U.S. fire departments respond to an estimated average of 6,650 structure fires in educational properties, annually. These fires cause an annual average of 88 civilian fire injuries and $90 million in direct property damage.
Fire drills must be held at least once a month while school is in session.
Principals, teachers or other school staff must inspect all exits daily to ensure that stairways, doors and other exits are working properly and are unblocked.
On the day of the drill, the emergency drill alarm should be sounded on the school fire alarm system. Make sure that everyone can recognize the sound of the alarm and knows what to do when it sounds.
Teachers, officials and staff should be familiar with the school's fire protection system, including the location of fire alarm pull stations and sprinklers.
Every room in the school should have a map posted identifying two ways out. In schools with open floor plans, exit paths should be obvious and kept free of obstruction.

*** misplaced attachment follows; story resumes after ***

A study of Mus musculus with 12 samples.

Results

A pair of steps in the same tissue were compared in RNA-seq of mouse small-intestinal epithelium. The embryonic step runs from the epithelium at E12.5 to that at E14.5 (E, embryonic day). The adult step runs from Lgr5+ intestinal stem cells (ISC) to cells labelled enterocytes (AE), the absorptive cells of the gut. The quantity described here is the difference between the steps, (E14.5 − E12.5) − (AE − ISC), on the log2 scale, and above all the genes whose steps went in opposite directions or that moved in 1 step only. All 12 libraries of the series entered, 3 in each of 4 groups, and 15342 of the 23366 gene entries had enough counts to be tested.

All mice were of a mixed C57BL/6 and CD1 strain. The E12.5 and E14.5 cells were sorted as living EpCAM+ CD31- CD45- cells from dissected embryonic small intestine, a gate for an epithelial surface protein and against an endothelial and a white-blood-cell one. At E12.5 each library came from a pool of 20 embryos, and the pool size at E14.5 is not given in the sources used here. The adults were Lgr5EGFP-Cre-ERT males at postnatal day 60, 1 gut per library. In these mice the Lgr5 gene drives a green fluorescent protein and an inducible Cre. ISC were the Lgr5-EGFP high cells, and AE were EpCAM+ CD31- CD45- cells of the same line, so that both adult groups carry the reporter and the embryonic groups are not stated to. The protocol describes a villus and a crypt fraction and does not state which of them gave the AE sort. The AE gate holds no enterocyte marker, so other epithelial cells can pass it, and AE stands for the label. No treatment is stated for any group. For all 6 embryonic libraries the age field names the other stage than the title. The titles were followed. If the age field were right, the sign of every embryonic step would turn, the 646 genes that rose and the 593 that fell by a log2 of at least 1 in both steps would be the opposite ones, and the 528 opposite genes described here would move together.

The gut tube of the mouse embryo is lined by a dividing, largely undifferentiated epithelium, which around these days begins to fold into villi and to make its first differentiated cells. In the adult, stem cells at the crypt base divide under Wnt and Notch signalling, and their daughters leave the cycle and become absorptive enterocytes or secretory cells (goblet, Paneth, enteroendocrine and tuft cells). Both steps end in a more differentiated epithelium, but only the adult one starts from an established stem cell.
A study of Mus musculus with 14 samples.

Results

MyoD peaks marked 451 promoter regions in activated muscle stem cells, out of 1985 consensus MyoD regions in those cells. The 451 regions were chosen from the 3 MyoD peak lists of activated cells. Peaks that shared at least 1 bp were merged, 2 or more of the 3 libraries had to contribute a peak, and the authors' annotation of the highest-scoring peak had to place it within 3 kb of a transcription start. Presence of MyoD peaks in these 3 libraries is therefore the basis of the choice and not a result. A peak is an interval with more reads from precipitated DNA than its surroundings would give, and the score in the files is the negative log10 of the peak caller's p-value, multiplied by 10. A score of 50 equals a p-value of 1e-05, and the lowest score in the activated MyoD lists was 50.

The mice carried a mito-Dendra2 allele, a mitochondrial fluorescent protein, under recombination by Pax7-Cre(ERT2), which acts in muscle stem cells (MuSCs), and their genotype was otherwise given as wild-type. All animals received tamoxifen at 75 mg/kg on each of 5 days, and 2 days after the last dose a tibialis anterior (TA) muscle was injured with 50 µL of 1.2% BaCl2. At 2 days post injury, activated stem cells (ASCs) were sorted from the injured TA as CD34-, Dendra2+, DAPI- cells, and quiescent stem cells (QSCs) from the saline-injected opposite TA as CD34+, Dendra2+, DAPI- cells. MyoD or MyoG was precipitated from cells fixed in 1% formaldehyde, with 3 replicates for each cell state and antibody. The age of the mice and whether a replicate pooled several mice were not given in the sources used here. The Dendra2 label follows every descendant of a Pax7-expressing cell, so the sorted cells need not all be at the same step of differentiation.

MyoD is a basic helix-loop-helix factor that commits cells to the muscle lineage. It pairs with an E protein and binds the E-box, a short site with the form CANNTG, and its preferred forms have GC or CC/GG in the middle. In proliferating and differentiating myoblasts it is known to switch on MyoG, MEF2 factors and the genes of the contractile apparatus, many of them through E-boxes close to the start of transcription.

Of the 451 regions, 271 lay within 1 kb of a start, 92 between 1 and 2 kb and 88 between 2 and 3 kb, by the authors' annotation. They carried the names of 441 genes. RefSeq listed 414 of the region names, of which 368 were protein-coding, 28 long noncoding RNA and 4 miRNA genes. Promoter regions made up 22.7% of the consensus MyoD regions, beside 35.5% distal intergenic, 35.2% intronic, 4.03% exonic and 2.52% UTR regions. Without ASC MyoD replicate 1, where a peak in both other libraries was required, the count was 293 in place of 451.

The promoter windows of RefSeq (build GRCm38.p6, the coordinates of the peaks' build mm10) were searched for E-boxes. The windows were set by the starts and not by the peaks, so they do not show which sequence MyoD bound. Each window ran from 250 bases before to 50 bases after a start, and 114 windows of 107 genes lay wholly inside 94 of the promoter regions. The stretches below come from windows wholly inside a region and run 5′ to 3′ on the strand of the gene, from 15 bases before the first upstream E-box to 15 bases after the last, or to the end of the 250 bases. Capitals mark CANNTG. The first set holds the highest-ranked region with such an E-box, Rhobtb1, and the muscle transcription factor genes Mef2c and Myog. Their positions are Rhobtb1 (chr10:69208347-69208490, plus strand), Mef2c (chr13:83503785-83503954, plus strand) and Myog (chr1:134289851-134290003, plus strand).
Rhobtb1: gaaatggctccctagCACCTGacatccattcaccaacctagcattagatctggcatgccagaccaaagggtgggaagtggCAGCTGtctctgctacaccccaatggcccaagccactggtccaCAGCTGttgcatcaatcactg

On the day of the fire drill, everyone in the school should participate.
Students with specific needs should be assigned an adult or a student buddy to assist them. Fire drills are a good opportunity to identify who among the student population requires extra assistance.
While it's important to make sure that students leave the building as quickly as possible, order is more important than speed when it comes to conducting a safe fire drill.
Once everyone has safely exited the building, they should remain outside at a predetermined location until the 'all clear' has been given to reenter the school.
Use rosters to ensure that every student is accounted for.
Fire drills should be held both at expected and at unexpected times, and under varying conditions in order to simulate the conditions that can occur in an actual emergency.
School fire drills are a model for students to use in their homes. Encourage students to practice their escape plans at home—just as they do at school.